Fritz, Priscilla 1a
|Birth Name||Fritz, Priscilla 1a|
|Death||about 1873||Tyrol, Austria||Death of Fritz, Priscilla||
|Relation to main person||Name||Relation within this family (if not by birth)|
|Mother||Jochum, Maria Veronika|
Portrait and Biographical Album of Wapello County, Iowa
- Page: Pages 276, 277
B FRITZ, a prominent and representative citizen of Blakesburg, Wapello County, is a native of Austria, born in the beautiful Province of Tyrol, on the 15th of October, 1826. He is the son of Benedict and Virneck (Yocum) Fritz, the latter of whom died in her native country at the age of about forty years, when her son, our subject, was a lad ten years old. He still remembers her as a careful and affectionate mother, devoted to the religious faith of her fathers, that of the Catholic Church. She was buried near the old home in Tyrol, and is held in sacred remembrance by the son who, although so young when she passed away, can recall her devoted and loving care. The father of our subject died in his native country in about 1859, and was also a Catholic, as were most of the people of that part of the country. Their children were carefully trained in the doctrines of that church.
The parental household of our subject consisted of several children, five sons and two daughters. Joseph came to this country with the subject of our sketch, and died in Columbus, Ohio, in 1884; Benedict of this history was the second son; Christian is engaged in farming near Des Moines, Iowa; Anthony, a baker by trade, is in his native land; Priscilla died in the old country in about 1873; the second child died in infancy.
Mr. Fritz left his native country for the United States in the spring of 1853. The voyage occupied thirty-six days, and after landing in New York City he proceeded to Cleveland, Ohio, where his brother Christian had previously located. Upon arriving he found that the latter had left there, and not being able to find out his whereabouts, went to Columbus, and there engaged as a house-painter, in which he was occupied for the following eight months. About this time came the glowing reports about the quantity of gold to be found in California, and Mr. F. being seized with the fever, started on the 5th of January for San Francisco via New York, and thence by steamer, arriving on the Pacific coast on the 2d of February, 1854, and proceeded straight to the mines in Placer County, Cal., where he was engaged in searching for the shining ore for the following three years. He was successful in his enterprise, and in the year last mentioned returned eastward as far as Iowa, and coming to Wapello County, purchased 160 acres of land in Adams township, on section 17, obtaining possession of it in October.
In the meantime, however, on the 20th of September, Mr. Fritz secured unto himself a partner and helpmeet in the person of Miss Annie Miller, a native of his own country. She was born May 7, 1831, and was the daughter of Martin Miller. Of this union there were eight children, as follows: Louise B., born July 13, 1858, became the wife of Moses Abernethy, a merchant and hotel-keeper of Blakesburg; William T. was born Jan 15, 1860, and is now the manager of his father’s farm in Adams Township; Henry, born Nov. 25, 1862, is employed as a clerk by his brother-in-law, Mr. Abernethy; Matilda, born May 5, 1861, died March 20, 1864, and is buried in the cemetery at Blakesburg; the next daughter, also named Matilda, was born Aug. 7, 1864, and married Mr. Frank Hardy, a farmer residing near Blakesburg; George, born Oct. 10, 1866, is now attending the Business College of Bryant & Stratton, at Chicago; Franklin, born Sept. 26, 1868, is attending the district school; and Gertrude C. was born Feb. 14, 1871.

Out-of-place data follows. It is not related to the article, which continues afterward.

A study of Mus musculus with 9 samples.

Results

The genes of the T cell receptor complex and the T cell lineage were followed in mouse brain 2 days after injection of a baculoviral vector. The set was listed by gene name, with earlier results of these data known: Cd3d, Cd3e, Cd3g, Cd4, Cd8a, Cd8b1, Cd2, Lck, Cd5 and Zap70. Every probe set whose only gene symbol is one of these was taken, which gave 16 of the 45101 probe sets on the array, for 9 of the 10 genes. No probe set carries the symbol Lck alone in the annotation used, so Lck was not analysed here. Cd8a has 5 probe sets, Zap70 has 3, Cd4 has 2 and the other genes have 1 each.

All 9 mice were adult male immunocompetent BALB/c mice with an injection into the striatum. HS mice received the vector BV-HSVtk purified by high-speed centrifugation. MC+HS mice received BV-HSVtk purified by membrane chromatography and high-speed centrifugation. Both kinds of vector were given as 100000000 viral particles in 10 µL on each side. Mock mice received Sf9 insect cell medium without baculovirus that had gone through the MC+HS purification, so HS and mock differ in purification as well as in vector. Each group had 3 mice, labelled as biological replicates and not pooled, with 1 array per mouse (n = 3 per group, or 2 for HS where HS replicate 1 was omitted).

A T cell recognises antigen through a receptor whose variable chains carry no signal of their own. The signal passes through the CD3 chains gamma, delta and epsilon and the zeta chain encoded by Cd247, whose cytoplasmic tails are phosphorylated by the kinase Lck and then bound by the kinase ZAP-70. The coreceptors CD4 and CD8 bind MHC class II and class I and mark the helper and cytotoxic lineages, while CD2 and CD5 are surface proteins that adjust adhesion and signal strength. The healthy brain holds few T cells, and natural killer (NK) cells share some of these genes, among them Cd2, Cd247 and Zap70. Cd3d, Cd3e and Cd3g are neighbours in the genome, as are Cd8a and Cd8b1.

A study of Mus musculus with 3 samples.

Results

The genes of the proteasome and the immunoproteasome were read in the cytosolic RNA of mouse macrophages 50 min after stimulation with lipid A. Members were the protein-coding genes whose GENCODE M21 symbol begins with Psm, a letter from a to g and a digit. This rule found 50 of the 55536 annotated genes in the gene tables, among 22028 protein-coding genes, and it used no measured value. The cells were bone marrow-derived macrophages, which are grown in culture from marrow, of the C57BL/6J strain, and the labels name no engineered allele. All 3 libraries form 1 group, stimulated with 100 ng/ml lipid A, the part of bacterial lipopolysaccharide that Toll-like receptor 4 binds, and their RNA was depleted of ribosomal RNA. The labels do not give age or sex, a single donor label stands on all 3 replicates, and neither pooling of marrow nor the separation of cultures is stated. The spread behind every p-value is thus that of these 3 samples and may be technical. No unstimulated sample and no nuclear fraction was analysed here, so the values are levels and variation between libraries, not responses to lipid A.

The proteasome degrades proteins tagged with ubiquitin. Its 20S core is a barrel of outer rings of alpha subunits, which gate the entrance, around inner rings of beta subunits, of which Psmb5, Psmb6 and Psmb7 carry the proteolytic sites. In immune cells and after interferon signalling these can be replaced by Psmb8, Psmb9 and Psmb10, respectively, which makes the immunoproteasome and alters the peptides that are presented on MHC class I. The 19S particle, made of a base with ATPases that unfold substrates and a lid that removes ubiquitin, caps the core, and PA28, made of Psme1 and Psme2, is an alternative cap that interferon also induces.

Mr. Fritz is the owner of about 1,000 acres of land. He is extensively engaged as a dealer in life-stock and is also interested in mercantile pursuits. In addition to this he owns and superintends a gristmill. In his various business pursuits he has been remarkably successful and has accumulated a handsome competency. On departing from his native land he was possessed of a very small amount of this world’s goods, and that little was spent on the journey. But he has been reared to habits of industry, and had served over four years in the German army, and thus became familiar with hardship and privation, so that he was well fitted for the emergencies of the future. He had been richly rewarded in his efforts to become a man among the men of this great Republic, and occupies an enviable position as a representative citizen, enjoying the fullest confidence and respect of those among whom he has lived for so many years. Although his course has been seemingly very successful, he, too, has been visited by afflictions, the greatest being the death of his wife, to whom he was devotedly attached; she departed this life at her home on the 25th of August, 1884. She was an affectionate wife and mother, a faithful friend and counselor, and devotedly attached to the religion of the Catholic Church. Her remains were laid to rest in the cemetery near Blakesburg, and she is kindly remembered by a large circle of friends and acquaintances.
Mr. Fritz has provided liberally for his children, giving each the advantage of a good education, and has generously assisted them in starting in life. He is now retired from active labor and can look with satisfaction over the years of a life in which he has striven to perform his duty to those within his influence and to fulfill the obligations of a good citizen. He is a stanch adherent of the Democratic party, and uniformly casts his vote in support of its principles.